By Jack Dignan
As this is the final Best Picture nominee that I have left to review, it's safe to say that the Oscars didn't do an entirely awful job at choosing the Best Picture nominees this year. I will be doing a detailed analysis of all the nominees shortly, but for now, let's just say I'm rather pleased. Brooklyn is a lovely movie that won't get the release it deserves here in Australia, just like many smaller films don't, but those who see it will not regret it.
The film follows the story of Ellis (Saoirse Ronan), a young woman living in Ireland. She leaves the country in search of a better life, and this brings her to New York, where she's staying in a small apartment with a group of other young women, led by Mrs. Kehoe (Julie Walters). She gets a job at a local shop and in her spare time, she even participates in some local Irish activities. While at a dance one night, Ellis meets Tony (Emory Cohen), an Italian who takes quite a fancy to her. The two start to go out on dates, and before they know it, they're in love, spending as much time together as they can. Soon, however, a tragic event occurs, causing Ellis to come back to Ireland for a short time. It's here she meets Jim Farrell (Domhnall Gleeson), another man who she shares feelings for. She's now torn between two men and two different countries, and must make the decision to live at just one of them.
Brooklyn started out as a pretty good movie. It wasn't anything excellent, but it was fine. I was enjoying it. Nothing of any real importance was going on, but I was enjoying the way they were setting up the character of Ellis, particularly the relationship with her family. It's not just her character that I liked though, but also the performance by Ronan. She's excellent. Soon, she leaves for New York, and it's here that the film picks things up a notch. It's still no masterpiece, but it was entertaining and well made. As every scene passed, I began to notice something. I began to notice that I was slowly enjoying it more and more and more, and it went from a decent movie at the start to an excellent one at the end.
I still don't have an explanation for this. Perhaps it's because the plot was beginning to be put into full effect, and this plot kept on going right up until the film's final shot, or perhaps it was because I was enjoying spending time with these characters. The more I stayed with them, the more I liked it. So, if this film fails to grab you from the word go, don't fret. Don't even pause it. Just keep going. Stick with these characters and this story as it will get better. When the film's credits roll, you will understand why I, and many others, enjoyed this film so much.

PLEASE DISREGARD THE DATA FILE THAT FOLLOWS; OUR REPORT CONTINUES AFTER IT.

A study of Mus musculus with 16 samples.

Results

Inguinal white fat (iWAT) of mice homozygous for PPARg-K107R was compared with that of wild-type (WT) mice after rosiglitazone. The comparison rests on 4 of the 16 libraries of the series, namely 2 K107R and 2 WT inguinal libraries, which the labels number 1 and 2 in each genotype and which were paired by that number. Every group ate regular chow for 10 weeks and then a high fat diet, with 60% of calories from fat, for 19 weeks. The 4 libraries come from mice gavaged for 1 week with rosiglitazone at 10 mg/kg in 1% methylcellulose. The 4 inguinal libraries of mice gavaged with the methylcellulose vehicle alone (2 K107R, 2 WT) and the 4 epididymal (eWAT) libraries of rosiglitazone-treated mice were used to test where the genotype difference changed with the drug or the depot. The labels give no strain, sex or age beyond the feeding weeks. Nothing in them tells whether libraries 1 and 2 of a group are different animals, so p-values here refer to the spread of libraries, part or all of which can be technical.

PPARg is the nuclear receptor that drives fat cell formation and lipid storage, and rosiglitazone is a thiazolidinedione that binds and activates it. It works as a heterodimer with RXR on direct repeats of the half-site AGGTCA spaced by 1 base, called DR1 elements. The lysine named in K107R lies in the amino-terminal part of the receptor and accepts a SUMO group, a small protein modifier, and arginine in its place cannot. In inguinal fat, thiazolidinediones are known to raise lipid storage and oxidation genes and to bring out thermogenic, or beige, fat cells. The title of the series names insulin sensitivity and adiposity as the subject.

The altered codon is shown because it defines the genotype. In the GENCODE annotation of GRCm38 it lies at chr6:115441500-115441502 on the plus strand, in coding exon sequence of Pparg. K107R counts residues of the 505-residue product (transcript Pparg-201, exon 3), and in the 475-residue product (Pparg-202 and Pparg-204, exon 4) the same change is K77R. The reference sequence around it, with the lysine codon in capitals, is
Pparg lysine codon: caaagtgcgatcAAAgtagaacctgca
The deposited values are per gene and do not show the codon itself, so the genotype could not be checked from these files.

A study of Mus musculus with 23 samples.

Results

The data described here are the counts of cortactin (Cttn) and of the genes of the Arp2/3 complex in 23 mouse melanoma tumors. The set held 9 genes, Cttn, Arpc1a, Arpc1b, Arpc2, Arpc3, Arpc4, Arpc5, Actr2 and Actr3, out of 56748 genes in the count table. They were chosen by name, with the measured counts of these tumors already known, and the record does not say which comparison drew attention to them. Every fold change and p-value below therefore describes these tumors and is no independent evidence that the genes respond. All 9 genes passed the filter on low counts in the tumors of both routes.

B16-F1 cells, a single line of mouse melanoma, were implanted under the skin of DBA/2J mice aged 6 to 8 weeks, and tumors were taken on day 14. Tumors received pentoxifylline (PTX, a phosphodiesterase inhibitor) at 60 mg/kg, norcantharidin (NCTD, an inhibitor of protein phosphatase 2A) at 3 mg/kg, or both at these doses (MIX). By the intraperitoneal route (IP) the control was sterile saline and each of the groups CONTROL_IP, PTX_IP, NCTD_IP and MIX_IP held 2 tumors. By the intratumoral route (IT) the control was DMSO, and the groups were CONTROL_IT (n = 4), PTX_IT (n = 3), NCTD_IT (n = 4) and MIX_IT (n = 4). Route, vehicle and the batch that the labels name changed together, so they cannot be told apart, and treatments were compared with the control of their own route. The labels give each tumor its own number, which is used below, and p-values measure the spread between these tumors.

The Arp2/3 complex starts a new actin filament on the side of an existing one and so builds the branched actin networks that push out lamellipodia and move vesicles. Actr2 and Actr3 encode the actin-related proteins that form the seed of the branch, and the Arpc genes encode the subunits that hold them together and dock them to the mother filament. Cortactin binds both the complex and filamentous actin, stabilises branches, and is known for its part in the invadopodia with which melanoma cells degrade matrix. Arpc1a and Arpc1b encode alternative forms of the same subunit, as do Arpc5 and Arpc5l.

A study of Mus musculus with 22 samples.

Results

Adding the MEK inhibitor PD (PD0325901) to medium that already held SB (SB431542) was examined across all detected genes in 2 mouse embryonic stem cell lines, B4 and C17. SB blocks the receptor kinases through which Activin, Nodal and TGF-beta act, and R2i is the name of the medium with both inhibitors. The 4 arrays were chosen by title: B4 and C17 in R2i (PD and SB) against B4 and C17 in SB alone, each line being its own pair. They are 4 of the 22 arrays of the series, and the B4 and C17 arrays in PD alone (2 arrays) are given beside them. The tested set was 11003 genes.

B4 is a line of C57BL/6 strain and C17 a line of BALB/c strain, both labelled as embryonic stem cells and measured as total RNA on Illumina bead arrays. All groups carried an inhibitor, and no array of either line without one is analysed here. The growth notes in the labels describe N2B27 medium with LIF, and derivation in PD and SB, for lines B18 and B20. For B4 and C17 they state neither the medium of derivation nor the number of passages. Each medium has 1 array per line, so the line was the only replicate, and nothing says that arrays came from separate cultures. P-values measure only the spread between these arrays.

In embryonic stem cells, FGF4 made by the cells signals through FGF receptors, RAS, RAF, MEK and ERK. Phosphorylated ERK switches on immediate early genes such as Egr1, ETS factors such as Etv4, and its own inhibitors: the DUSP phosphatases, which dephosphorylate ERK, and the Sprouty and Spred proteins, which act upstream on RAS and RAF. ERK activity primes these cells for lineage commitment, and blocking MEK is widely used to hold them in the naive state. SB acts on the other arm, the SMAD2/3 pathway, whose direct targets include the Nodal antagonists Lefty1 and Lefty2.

Excluding a couple of episodes of True Detective, I hadn't previously seen anything from director John Crowley. In my eyes, he was practically an unknown, despite making a few previous films that I must now seek out. Crowley is a man of great talent, and Brooklyn proves just that. His direction is to die for, never getting in your face with anything. It's the subtle things he does best, in particular, always having a shining light in Ellis' eyes during the shots closer up to her face. It's a small detail, but an effective one, and when you watch the film it's easy to miss.
This film moved me, and that's mostly thanks to its beautiful script. Written by Nick Hornby, the man who wrote Wild, High Fidelity and About A Boy, and based on the book by Colm Tóibín, Brooklyn may be simple in terms of plot, but the plot never stops, just constantly providing the audience with something else to latch onto. There's always something new going on, and at times, these new events are triggered by a heartbreaking one, the film putting me on the brink of tears multiple times. It's a touching tale of love, home and family, and while I wasn't entirely sure how I'd feel about it when going in, I loved it by the time it finished.
To sum up, Brooklyn is a touching and moving film that just gets better and better as each scene goes along. It's not going to sweep up any award shows, but as a film, it's rather excellent, mixing together emotion, drama and humour for a film you won't regret watching.